Photo by Patrick Mulvihill
A SHEEN OF SMOKE hovers above the Columbia River, seen from downtown Hood River. Smoke from wildfires — close and distant — has made the air quality fluctuate across the region.
As of Friday, August 4, 2017
A shroud of smoke caused by fires around the Pacific Northwest has hemmed in the Columbia Gorge.
David Bishop, a meteorologist with the National Weather Service in Portland, explained this week a handful of major fires — such as the Whitewater Fire near Mount Jefferson, and other blazes as far as British Columbia — contributed smoke.
“The wind right now is coming from the north-northwest,” Bishop said, which brought smoke to the Gorge.
Closer at hand, the Indian Creek Fire west of Cascade Locks continues to burn (see related A3 story).
The assigned fire team stated in a report the fire added to the smoky horizons in Portland and the Gorge, but distant fires are also justly blamed.
“Much of this smoke is coming from fires around the region and British Columbia and is not solely the result of the Indian Creek Fire,” the team noted.
Forecasters expected a Thursday night wind shift would alleviate conditions somewhat; however, smoke was still obscuring the downtown Hood River vista at press time Friday morning.
Along with the semi-opaque sky comes health risks for certain populations as air quality deteriorates.
Mike Matthews, Hood River County environmental health supervisor, said air quality will likely fluctuate through the next week, as forecasts predict the weather pattern will remain similar.
“There will likely be improved air quality in the afternoons when the wind picks up and poorer conditions in the mornings and evenings when winds are calmer,” Matthews said Thursday.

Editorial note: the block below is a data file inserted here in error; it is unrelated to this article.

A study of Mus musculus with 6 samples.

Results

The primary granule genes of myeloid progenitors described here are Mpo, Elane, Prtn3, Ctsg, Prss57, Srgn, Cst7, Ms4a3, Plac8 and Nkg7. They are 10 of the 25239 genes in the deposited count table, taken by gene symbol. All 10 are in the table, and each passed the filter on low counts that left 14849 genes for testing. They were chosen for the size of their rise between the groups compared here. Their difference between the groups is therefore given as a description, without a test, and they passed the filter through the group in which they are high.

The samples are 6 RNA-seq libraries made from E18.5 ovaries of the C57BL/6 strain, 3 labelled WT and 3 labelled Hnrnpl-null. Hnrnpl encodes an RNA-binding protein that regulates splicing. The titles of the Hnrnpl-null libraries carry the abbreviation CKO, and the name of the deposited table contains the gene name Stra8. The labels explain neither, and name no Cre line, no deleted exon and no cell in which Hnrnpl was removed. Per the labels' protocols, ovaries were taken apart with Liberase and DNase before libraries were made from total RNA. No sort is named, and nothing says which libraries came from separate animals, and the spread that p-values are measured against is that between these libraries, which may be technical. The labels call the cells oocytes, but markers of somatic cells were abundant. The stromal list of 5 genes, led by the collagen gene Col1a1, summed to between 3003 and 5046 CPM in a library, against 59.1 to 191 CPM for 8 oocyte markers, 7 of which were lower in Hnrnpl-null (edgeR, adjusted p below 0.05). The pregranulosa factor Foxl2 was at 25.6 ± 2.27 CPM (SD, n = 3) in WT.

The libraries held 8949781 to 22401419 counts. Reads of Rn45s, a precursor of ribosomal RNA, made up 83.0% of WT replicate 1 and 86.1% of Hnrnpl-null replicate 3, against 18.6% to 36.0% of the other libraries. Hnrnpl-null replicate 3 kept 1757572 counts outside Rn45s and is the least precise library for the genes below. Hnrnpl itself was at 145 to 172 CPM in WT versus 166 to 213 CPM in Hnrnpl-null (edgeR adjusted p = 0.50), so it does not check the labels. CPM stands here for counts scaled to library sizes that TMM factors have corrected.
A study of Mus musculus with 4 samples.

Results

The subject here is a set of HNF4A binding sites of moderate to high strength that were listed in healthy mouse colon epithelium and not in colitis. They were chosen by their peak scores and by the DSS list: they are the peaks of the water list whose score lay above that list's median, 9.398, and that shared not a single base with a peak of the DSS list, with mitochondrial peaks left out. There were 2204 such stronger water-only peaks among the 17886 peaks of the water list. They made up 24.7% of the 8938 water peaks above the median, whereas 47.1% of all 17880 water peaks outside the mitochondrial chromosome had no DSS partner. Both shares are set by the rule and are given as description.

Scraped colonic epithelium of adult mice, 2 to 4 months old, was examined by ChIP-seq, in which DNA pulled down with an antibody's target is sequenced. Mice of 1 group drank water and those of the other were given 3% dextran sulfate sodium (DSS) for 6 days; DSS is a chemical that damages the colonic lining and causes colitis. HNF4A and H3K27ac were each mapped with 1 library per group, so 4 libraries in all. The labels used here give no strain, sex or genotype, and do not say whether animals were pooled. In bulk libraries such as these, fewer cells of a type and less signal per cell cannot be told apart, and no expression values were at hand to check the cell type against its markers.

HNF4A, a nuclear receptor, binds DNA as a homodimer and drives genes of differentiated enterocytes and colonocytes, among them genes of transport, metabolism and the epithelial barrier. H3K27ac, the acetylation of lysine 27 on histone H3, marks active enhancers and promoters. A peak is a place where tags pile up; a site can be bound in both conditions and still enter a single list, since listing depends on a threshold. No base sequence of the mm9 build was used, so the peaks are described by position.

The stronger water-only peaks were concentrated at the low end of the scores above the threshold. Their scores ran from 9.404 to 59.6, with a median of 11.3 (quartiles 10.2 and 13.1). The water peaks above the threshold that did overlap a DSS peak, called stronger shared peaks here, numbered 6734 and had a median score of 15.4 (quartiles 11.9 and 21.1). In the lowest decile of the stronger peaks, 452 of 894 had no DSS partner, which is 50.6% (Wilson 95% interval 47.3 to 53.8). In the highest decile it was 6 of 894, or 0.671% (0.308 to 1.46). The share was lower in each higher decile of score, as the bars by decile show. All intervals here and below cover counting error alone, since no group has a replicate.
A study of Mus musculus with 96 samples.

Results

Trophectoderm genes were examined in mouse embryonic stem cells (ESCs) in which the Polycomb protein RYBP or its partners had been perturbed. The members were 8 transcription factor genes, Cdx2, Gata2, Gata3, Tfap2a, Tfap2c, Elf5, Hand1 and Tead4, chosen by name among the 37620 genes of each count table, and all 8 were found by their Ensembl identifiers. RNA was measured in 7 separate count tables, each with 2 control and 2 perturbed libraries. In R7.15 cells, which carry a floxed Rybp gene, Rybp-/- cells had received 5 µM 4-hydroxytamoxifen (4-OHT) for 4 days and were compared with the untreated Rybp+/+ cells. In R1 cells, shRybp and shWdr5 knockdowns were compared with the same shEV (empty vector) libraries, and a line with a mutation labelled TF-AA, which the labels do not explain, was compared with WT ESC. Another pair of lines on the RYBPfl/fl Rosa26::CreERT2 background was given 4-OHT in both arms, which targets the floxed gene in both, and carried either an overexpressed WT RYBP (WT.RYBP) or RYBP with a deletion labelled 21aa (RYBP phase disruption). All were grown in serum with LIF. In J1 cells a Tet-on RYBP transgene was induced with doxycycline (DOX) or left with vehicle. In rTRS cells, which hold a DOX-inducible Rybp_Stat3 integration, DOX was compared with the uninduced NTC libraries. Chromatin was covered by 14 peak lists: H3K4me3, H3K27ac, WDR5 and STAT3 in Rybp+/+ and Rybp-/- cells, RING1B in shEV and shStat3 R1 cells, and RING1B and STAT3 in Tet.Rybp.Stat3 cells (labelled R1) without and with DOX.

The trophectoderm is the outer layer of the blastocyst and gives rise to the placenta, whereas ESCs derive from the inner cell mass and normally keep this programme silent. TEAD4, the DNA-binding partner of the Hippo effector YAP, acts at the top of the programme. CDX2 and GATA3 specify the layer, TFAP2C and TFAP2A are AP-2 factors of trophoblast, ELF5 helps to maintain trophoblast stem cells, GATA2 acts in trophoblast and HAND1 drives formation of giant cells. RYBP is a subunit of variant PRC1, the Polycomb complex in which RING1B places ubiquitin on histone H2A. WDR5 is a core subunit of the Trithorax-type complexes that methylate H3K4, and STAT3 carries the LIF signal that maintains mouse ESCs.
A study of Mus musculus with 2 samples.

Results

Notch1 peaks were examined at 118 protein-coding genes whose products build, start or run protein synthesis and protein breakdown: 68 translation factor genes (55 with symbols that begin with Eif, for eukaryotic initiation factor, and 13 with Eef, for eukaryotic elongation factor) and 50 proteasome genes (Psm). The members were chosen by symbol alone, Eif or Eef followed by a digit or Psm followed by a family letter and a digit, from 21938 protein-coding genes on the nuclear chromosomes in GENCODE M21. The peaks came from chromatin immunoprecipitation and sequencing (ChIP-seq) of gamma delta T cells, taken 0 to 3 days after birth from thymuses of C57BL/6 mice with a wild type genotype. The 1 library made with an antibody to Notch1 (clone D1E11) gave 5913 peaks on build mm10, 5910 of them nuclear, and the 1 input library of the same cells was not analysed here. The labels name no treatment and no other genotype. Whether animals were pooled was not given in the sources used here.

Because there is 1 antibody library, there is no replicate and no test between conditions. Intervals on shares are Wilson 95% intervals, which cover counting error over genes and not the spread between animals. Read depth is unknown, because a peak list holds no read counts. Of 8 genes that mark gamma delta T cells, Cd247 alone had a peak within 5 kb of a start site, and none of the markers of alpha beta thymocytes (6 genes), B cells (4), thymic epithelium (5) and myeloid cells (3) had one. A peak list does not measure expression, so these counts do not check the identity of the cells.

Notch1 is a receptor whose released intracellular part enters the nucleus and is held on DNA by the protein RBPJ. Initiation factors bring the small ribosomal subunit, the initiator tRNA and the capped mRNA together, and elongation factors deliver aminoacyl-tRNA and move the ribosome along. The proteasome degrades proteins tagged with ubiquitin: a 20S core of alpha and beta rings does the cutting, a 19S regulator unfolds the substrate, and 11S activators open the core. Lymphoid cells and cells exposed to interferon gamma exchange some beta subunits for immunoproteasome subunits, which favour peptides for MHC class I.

Oregon Department of Environmental Quality’s nearest station, in The Dalles, termed the health risk “unhealthy for certain groups” on its web map Friday.
The Hood River Valley’s situation looks about the same.
“I would expect our air quality to be similar to what they are seeing in The Dalles when winds are calm,” Matthews said. “The air quality seems to be consistent, at this time, between the upper and lower valley but this is likely to fluctuate over time as well.”
People most vulnerable to the fine particles in wildfire smoke are those with chronic lung or heart conditions, the elderly and children.
The county health staff recommends that people at risk stay indoors when possible and limit their exposure to the smoke. Likewise, patients who suffer from asthma or other respiratory conditions should follow their breathing management plans, keep medications on hand and contact health care providers if need be.
DEQ also urges residents to take the following steps:
Be aware of smoke concentrations in your area and avoid the places with highest concentrations.
Check air quality conditions on DEQ's website at www.deq.state.or.us/aqi or call 503-229-6397.
Avoid outdoor activities when air quality is unhealthy and hazardous.
To avoid smoke, either leave the area or protect yourself by staying indoors, closing as many windows and doors as possible without letting your home overheat, and using a filter in your heating or cooling system that removes very fine particulate matter.
Avoid strenuous outdoor activity in smoky conditions.